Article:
Mark your calendars and turn on your notifications, because we have a date set for the Federal Communications Commission's vote on their new proposal for Net neutrality. Earlier this week FCC Chairman, Tom Wheeler, publicly announced that the commission will be meeting on February 26 to cast votes on their remodeled proposal. According to the chairman, he plans to have the proposal available for commissioners by February 5.
Chairman Tom Wheeler was originally anticipating to have this complete back in December. However, in light of recent commentaries, if trends persist like they have in anything Net neutrality regulation-related, appeals in court may be in the near future.
Keeping these possible litigations in mind, the FCC has been working on a new proposal to regulate Net neutrality that is both relevant to their subjects, Internet service providers (ISPs), and safeguarded against possible rebuttals in court.
At the International Consumer Electronics Show (CES) where Wheeler gave his announcement, the Chairman sparked some thought that the new proposal for Net neutrality will be more in line with President Obama's November proposition. The President argued to have regulations for broadband Internet falling under Title II of the Communications Act; which would treat the Net more like a utility. Inevitably, though, this would require the FCC to reclassify what ISPs are to make this regulation applicable. So, it is fair to say that this might be something else we see included in the new wording of the Net neutrality proposal on February 26.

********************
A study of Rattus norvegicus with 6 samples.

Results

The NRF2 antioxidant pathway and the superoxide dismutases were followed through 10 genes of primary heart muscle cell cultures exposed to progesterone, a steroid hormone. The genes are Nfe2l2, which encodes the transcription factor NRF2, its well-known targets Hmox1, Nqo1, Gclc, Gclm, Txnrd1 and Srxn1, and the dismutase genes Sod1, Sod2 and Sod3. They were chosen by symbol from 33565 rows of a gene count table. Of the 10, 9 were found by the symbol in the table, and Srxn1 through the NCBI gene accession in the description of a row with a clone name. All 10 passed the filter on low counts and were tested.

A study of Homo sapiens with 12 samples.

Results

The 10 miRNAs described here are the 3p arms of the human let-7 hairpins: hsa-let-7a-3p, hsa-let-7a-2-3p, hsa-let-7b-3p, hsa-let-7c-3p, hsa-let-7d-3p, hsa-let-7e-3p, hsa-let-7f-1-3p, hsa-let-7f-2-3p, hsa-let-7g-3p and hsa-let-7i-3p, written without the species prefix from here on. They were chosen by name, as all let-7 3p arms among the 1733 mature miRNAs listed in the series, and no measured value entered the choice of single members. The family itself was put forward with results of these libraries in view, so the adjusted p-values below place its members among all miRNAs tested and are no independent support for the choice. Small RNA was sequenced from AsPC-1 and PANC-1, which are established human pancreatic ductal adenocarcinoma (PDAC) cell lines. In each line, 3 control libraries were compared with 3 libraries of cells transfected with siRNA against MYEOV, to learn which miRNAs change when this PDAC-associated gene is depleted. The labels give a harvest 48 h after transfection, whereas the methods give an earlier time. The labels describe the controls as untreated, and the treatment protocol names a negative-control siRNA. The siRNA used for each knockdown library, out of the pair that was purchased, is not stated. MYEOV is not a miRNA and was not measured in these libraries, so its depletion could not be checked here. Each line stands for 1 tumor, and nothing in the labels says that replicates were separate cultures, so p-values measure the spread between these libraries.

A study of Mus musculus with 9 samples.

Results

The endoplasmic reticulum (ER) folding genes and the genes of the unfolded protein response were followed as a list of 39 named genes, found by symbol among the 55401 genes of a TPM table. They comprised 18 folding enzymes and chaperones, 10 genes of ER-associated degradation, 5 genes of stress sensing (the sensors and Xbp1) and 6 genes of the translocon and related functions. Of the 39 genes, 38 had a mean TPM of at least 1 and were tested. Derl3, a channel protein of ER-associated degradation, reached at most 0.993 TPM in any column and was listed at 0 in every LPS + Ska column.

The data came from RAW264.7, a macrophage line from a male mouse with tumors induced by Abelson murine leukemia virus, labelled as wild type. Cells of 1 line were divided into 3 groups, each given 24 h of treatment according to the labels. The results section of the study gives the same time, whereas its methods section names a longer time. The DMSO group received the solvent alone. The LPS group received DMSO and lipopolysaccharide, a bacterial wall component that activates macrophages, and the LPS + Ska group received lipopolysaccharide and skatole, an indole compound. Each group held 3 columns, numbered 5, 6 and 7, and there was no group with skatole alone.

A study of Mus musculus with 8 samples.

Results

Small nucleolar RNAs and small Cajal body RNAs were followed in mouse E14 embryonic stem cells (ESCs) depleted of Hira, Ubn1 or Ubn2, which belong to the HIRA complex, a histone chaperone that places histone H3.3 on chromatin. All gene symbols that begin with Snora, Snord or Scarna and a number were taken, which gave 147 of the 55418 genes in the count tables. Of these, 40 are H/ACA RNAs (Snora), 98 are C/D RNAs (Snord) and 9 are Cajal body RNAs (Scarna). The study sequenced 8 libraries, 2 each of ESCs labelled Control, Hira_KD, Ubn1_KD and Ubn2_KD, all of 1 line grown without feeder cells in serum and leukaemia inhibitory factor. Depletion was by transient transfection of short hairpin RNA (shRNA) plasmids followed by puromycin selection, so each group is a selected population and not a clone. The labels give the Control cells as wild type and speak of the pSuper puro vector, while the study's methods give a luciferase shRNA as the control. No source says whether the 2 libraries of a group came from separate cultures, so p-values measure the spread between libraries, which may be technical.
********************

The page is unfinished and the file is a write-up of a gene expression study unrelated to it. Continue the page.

Further, Wheeler explained that Internet fast lanes (one of the most controversial topics) are still being debated, but that charging content providers (i.e. Netflix) for prioritized gateways are not supported. According to the FCC, there may be some areas where fast lanes are appropriate. However, realistically speaking, the debate for exceptions may result in the dismissal of fast lanes altogether.
On a final important note, this upcoming proposal for Net neutrality will continue to abstain from regulating cost of broadband services and will only lightly regulate fast lane services offered to consumers.
This announcement comes after spokeswoman Kim Hart clarified that the FCC would be meeting on February 26 in light of a calculation made by the Washington Post earlier last week. Chairman Tom Wheeler had not yet spoken on the matter until this past Wednesday, January 7, at the CES conference.